September 11, Patriot Day, was recently forgotten in the wake of the hurricane. Our nation was not only attacked but thrust into a war against terror and Islamic terrorists. We have continued to deal with Al-Qaeda and ISIS, as well as “lone wolf” haters who want to destroy not only our lives but also our religion and civilization. In our church, we thank God for the courage and sacrifice of our military.
The recent saber-rattling of North Korea’s Kim Jong Un, as he fires test missiles and threatens to kill millions, is another wake-up call. Pray particularly for President Trump, Vice President Pence, and Secretary of Defense James Mattis to have wisdom, certainly in light of the President’s recent warning at the U.N. to “Rocket Man.” Our nation must recognize the absurdity of the “progressive” belief that playing nice with evil people will produce non-aggression or that ignoring their threats will make them go away. While “the wicked...encircle us with words of hate and attack us without cause,” we “give ourselves to prayer” (Psalm 109:2-4). We must say to the Lord, “My refuge and my fortress, my God, in whom I trust” (Psalm 91:2).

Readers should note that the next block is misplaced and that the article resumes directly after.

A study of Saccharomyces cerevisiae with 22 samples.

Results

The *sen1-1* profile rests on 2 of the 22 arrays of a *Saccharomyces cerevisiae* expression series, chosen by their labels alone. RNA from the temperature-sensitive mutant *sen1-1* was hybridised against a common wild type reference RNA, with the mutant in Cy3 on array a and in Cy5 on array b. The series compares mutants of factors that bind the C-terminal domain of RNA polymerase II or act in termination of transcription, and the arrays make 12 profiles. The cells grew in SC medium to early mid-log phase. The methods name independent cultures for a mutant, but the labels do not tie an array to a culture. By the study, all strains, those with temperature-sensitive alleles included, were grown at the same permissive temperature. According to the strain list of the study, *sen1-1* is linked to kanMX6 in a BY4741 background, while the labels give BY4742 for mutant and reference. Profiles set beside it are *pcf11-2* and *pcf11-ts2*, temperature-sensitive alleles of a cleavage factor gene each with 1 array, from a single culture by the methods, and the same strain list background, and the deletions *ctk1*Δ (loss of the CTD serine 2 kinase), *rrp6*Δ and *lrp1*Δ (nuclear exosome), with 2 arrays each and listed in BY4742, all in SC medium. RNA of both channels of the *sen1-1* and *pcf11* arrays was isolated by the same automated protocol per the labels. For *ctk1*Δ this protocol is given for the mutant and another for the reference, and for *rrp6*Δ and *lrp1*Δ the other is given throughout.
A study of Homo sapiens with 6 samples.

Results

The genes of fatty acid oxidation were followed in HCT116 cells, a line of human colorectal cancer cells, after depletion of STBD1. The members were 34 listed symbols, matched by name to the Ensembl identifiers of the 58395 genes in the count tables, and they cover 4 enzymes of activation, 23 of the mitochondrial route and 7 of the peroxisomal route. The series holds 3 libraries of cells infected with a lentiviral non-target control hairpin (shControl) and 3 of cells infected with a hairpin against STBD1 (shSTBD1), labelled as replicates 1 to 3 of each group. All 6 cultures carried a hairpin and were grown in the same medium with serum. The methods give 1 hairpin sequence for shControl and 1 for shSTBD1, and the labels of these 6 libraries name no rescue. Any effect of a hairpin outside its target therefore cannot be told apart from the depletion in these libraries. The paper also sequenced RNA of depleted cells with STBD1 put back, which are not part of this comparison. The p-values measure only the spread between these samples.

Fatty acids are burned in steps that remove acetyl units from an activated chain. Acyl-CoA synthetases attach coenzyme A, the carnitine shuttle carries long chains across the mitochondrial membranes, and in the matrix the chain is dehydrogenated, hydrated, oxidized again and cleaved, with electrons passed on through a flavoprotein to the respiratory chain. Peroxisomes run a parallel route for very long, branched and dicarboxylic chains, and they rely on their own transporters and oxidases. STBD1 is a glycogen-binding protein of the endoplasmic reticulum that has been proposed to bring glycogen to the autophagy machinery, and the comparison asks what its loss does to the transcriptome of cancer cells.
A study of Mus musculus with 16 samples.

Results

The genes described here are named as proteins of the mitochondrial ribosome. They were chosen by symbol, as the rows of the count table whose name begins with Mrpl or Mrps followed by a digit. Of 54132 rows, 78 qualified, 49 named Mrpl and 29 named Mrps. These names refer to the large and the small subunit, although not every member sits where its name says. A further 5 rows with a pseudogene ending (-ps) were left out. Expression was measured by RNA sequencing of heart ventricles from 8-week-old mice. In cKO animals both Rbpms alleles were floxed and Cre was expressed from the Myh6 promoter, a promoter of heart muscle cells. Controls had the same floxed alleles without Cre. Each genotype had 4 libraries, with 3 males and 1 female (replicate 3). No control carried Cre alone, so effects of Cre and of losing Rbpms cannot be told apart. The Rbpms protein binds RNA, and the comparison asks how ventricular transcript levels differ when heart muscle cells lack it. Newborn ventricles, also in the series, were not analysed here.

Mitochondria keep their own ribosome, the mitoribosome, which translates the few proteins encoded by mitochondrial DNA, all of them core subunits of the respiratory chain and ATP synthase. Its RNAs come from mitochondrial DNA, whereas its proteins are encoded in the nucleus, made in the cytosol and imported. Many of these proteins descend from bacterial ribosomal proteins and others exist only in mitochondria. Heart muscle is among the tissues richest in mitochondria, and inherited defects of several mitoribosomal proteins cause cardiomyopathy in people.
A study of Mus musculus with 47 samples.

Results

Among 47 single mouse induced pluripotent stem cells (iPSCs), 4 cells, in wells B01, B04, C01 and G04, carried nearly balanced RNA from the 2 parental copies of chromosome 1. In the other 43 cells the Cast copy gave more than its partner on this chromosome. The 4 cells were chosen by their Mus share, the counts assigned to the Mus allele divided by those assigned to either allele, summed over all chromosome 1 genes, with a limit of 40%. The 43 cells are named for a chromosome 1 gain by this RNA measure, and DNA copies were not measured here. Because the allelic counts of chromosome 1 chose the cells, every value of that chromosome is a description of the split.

While “just war,” defense with military options is sometimes justified, our greatest armor is to clothe ourselves in righteousness. “The righteous flourish like the palm tree” while “all evil-doers will be scattered” (Psalm 92:12, 9). The motto of Hawaii, adopted during the era of great missionary work in the islands, is “The life of the land is preserved by righteousness,” stated on July 31, 1843 by King Kamehameha III.
Unrighteousness destroys a nation, as noted by historian Arnold Toynbee. He studied 26 great civilizations which all vanished because in selfishness and misguidedness, they were corrupt in character. The “American experiment” which began July 4, 1776 is threatened by the substitution of rebellion and humanism for righteousness and justice. While not all citizens will become professing Christians, our nation and the leaders can choose to embrace the personal morality, societal ethics, and traditional values that are based on the Ten Commandments, the Sermon on the Mount, and a biblical worldview, remembering our national motto (which is on the wall of our Collier County Government Building): “In God we trust.”